Meeting Concludes At 7 PM Tonight
Last night's town meeting at Bourne High School went the distance, with adjournment at 10 PM leaving several articles on the table. We'll take another crack at it tonight, at 7 PM.
The big ticket item was the vote on whether Bourne should secede from the Cape Cod Commission. Bourne had voted against the regional planning authority 24 years ago, but they have since had a change of heart. The CCC secession bill lost by a 103-128 vote.
There is an unspoken and perhaps unfounded sentiment in the B that the Cape Cod Commission sort of views Bourne as only 75% of a Cape town. We expect them to do our howling for us when Randy Hunt starts yipping about a toll bridge, or when the Bourne Scallop Festival ends up in Falmouth. We're still waiting for any sort of plan to improve the business prospects for Main Street in Buzzards Bay (my plans, such as installing a Hooters or maybe transitioning the town into a fishing destination, were written on this site for free, and are better than anything I've heard coming out of the CCC), or for any means of alleviating traffic at our numerous rotaries and bridges.
Of course, the CCC didn't invent traffic or overcharge the Scallop people. There is just a sense that certain individuals in Hyannis Port or on various Shore Roads can snap their fingers and have influence equal to 20000 Bourne residents. Whether or not that is true, there is enough resentment towards the CCC to merit (losing) town meeting warrant articles.
That was the main drama at the Meet last night, as anti-Commission people like Selectmen Donald Ellis and Linda Zuern spoke at the meeting. Zuern called the CCC "perhaps (not) even constitutional." They think that the CCC stifles economic development in town, and that they end up leeching money that otherwise would be spent in Bourne/on Bourne.
Cape Cod Commission Executive Director Paul Niedzwiecki wished to speak on behalf of the CCC, but he got snuffed at the goal line. He had to content himself with shaking his head, wince-laughing, and so forth as the issue was discussed. It was a performance not unlike that turned in by Joe Biden at the VP debates whenever Paul Ryan was speaking, and I expected Niedzwiecki to yell "malarkey" at several points. PN is at the top of the CCC flow chart, so his presence at the meeting spoke of the importance of the issue.
The vote was merely to determine if a secession vote should be on the next ballot. If it passed, we'd have to petition a probably-going-to-be-hostile State for the right to bail.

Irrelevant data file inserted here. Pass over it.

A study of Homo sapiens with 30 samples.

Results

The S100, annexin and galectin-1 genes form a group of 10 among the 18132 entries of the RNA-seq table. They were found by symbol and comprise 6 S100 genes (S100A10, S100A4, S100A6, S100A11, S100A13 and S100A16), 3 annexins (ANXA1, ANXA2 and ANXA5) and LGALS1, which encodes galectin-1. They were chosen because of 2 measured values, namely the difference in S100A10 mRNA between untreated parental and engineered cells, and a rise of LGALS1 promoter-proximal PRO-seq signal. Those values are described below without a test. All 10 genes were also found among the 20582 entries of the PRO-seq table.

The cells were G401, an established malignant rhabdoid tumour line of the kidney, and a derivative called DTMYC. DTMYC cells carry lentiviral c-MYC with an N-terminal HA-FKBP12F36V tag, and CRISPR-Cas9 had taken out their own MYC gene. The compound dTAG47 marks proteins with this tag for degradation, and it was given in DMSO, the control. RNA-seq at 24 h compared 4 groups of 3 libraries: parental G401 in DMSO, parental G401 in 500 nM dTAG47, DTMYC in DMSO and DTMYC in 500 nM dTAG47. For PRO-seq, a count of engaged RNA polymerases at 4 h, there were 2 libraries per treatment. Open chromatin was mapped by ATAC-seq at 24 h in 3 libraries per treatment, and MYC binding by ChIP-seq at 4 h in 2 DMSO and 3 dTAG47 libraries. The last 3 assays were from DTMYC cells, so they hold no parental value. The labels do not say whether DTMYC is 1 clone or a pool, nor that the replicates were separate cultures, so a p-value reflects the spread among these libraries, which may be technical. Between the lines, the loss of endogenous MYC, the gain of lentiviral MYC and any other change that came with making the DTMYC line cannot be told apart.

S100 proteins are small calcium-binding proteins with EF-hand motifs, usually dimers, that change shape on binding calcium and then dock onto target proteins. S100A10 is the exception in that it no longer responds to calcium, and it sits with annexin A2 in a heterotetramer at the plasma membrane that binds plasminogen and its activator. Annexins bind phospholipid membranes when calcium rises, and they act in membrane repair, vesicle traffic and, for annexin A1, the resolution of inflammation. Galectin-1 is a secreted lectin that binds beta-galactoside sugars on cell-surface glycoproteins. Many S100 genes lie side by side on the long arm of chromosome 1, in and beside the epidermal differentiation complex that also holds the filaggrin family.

The rest of the meeting was a bit less contentious, although some fur did fly over the capital projects matter. The various town departments did some big spending. Three new police cruisers, a pickup truck, and various other DPW-style vehicles are being purchased, while lifeguard service in Bourne is severely limited.
One resident of Gray Gables questioned the wisdom of having shiny new police cars responding to drownings at unguarded beaches. Only Sagamore Beach and Monument Beach will merit lifeguard service this summer. Jump in the bay off of Electric Avenue, and only God or chance can save you if something goes wrong.
There was also some static regarding a nearly million dollar add-on to the cost of the new DPW facility. People were lining up to take shots at the various planning snafus, but the $975K was approved by a 246-45 vote.
We have 8 articles on the table tonight. You should try to roll down there and throw some Ayes and Nays around. The Cape Cod Commission, which will make numerous decisions directly related to your way of life and your pocketbook for decades, only drew 231 votes either way. Your vote really does matter in a small town election.
Look at it this way... you get 1/231 of a say as to whether Bourne votes to stay in the Cape Cod Commission. You got 1/129,085,403 of a say as to whether Mitt or Barry would be running the free world for the next 4 years. You wield far more influence around Bourne than you do in America.
Three other things that should urge you to vote tonight:
1) There are only 8 items, so you won't have to waste a second full night sitting in a high school auditorium.
2) The next time you vote, there could be summer people influencing the tallies. Someone from Connecticut who rents a cottage for 6 summer weeks and stays in it herself for 3 more could care less if Bourne's schools suck.
3) The Bruins play tonight, which might possibly equate to a lighter turnout. The moderator may even be reduced to just looking at an empty gym and being like, "So, Jessica... should we or shouldn't we buy the DPW that new front-end loader?"
Vote early and often, and we'll see you tonight- at 7 PM SHARP- for the session at the Bourne High School auditorium.